Lehman’s legacy of inequality: James Saft

September 12, 2013

Sept 12 (Reuters) – Of the many regrettable aspects of the
failure of Lehman Brothers, perhaps the worst is that it led to
policies which expanded and reinforced economic inequality in
the U.S., often through unfair means.

When Lehman went down five years ago it set in train forces
which could easily have led to the failure of many financial
institutions. Faced with the possibility of taking large swaths
of the banking system into effective government control, first
the Bush and later the Obama administrations chose instead to
shelter institutions and executives from the consequences of
their actions.

That involved creating a variety of policies which
subsidized large banks and helped to dig a moat around their
businesses. This went hand in hand with monetary policy which
both supported banks and kept artificially high the value of
financial assets and real estate.

The reasoning behind the bailouts ran that, though it was
patently unfair to shield banks from market discipline, to
continue on despite being not simply illiquid but bankrupt was
better than the damage which would be caused by the alternative.

As for extraordinary and easy monetary policy, central
bankers maintained that keeping banks afloat and ramping up the
value of assets were simply side effects of policies the main
intent of which was to rescue the economy and create jobs.

Both of those arguments are very contentious, but one thing
which isn’t is that the net result of the policies has been to
increase economic inequality.

Income in the U.S. is as skewed to the top end as it has
been since the Census Bureau began keeping reliable records in
1947, and after falling in 2007, inequality has risen in each
successive year. When you measure inequality in the distribution
of wealth, the owning of assets, the U.S. is now the fifth most
unequal country in the world, trailing only Namibia, Zimbabwe,
Switzerland and Denmark.

Monetary policy has been key in increasing inequality
because, as the ownership of assets was heavily skewed going
into the crisis, a policy which supports asset prices has the
effect of exacerbating inequality in wealth terms. This is borne
out by a 2012 study from the Bank of England. (here)

Remember too that this is part of the point of quantitative
easing, to create a wealth effect where people feel better off
and hopefully spend some of their paper gains.


QE may or may not be temporary, and the uplift to asset
prices isn’t likely to last forever. More permanent, and more
troubling, is the way in which the bailout solidified the
position of finance, a sector which at its current size acts as
a private and unproductive tax on the rest of us.

Because regulation has yet to solve the too-big-to-fail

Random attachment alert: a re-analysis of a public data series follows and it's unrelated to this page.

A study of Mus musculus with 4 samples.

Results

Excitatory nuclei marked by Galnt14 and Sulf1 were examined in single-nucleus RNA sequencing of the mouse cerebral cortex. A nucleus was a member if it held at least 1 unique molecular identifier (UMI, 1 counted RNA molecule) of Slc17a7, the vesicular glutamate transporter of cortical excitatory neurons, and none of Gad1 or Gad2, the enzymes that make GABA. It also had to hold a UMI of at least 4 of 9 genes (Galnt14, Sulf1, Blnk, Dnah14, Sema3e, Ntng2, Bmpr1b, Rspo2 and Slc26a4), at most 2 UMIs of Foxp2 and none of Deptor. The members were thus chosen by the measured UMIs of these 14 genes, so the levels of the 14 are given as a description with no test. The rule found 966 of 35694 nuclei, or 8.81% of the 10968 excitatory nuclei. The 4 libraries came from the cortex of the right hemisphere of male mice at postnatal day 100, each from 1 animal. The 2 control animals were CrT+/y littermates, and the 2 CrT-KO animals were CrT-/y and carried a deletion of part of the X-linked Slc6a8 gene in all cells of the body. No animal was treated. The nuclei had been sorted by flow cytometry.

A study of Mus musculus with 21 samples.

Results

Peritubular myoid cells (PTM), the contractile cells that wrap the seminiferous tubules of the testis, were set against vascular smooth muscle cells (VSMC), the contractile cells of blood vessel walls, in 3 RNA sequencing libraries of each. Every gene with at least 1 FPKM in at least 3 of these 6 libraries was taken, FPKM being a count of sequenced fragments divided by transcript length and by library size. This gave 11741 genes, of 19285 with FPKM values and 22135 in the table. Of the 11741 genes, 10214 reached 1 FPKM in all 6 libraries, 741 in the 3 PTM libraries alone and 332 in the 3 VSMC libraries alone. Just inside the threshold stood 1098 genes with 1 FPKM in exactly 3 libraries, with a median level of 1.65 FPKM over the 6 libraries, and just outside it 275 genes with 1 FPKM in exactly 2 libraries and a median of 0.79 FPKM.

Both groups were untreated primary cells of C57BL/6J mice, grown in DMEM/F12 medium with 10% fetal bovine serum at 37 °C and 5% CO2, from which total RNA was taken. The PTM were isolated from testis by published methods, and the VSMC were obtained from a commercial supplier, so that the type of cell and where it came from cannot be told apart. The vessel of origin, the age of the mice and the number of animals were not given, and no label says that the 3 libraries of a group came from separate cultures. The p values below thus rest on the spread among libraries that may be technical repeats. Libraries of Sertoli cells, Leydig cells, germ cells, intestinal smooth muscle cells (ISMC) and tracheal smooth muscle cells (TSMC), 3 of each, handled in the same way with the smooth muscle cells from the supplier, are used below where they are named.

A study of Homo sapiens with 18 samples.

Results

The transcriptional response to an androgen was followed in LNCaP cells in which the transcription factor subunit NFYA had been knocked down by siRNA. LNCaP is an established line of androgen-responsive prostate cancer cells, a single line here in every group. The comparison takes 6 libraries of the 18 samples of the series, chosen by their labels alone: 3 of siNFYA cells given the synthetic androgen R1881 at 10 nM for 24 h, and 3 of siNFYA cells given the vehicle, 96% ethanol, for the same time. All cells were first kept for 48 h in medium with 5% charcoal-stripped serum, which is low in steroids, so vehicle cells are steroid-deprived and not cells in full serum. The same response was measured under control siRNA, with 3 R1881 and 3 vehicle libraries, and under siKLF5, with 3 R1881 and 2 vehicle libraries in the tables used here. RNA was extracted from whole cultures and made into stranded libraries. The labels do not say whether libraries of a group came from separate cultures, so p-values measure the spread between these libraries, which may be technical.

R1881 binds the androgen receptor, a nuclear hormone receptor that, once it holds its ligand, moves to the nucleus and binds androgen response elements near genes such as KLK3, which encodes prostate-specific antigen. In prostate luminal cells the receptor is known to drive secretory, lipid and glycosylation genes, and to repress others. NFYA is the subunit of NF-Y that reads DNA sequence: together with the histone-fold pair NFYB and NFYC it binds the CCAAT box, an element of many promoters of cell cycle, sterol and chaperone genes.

problem, in which the largest banks get cheaper funding due to
the belief that they won’t be allowed to follow Lehman into that
great good night, we have an unlevel playing field in finance.

We also have an effective subsidy, or rather multiple
subsidies, to an industry which has proved itself remarkably
immune to the power of technology to bring down costs and
improve products.

Whereas retail and wholesale trade have shrunk as a
percentage of GDP, finance has risen and risen, from 15 percent
in 1980 to close to 22 percent today, with the rise continuing
even in the face of the greatest financial crisis since the
Great Depression. (here)

That’s in large part because finance is a sector run by and
for the benefit of employees, who use complexity and government
licenses to extract unfair rents from clients. That’s very clear
if you compare compensation to other similarly complex fields.

To sum up, we had a sector which had grown too big and was
acting as a drag on the economy, all while doling out too much
in client money to insiders. Our reaction to bad decisions and
the verdict of the market was to create even more incentives to
commit capital to banking and give special status to some banks,
all while failing to hold executives accountable.

You can just about make a case that some of the rise of
inequality in the U.S. is the result of globalization and talent
getting its just reward.

It is also, sadly, the result of financialization, in which
we give incentives to the talented to do perverse things with
our money and keep too much of it for themselves.

The policy response to Lehman Brothers has cemented that. We
may have to wait for another crisis to see it undone.
(At the time of publication, Reuters columnist James Saft did
not own any direct investments in securities mentioned in this
article. He may be an owner indirectly as an investor in a fund.
For previous columns by James Saft, click on )

(Editing by James Dalgleish)

One comment


Maybe it wold be fair to emphasize that a number of economic statistics rely on older measures when they are convenient, are redefined when they become unwieldy or uncomfortable.

The discouraged worker leaving the workforce is a well understood component of the downgraded unemployment rate reported by the BLS.

Likewise, and maybe not as commonly understood, is the hidden inflation for consumers as their work schedules and pay are re-examined to manage bottom lines and quarterly profits. Benefits too are a form of compensation that when diminished force a shift in consumer budgets.
Smaller product packaging and rising prices, when combined with these other measures, are not only driving income inequality but, could be viewed as the unmentioned inflation being shoved down the throats of the average american.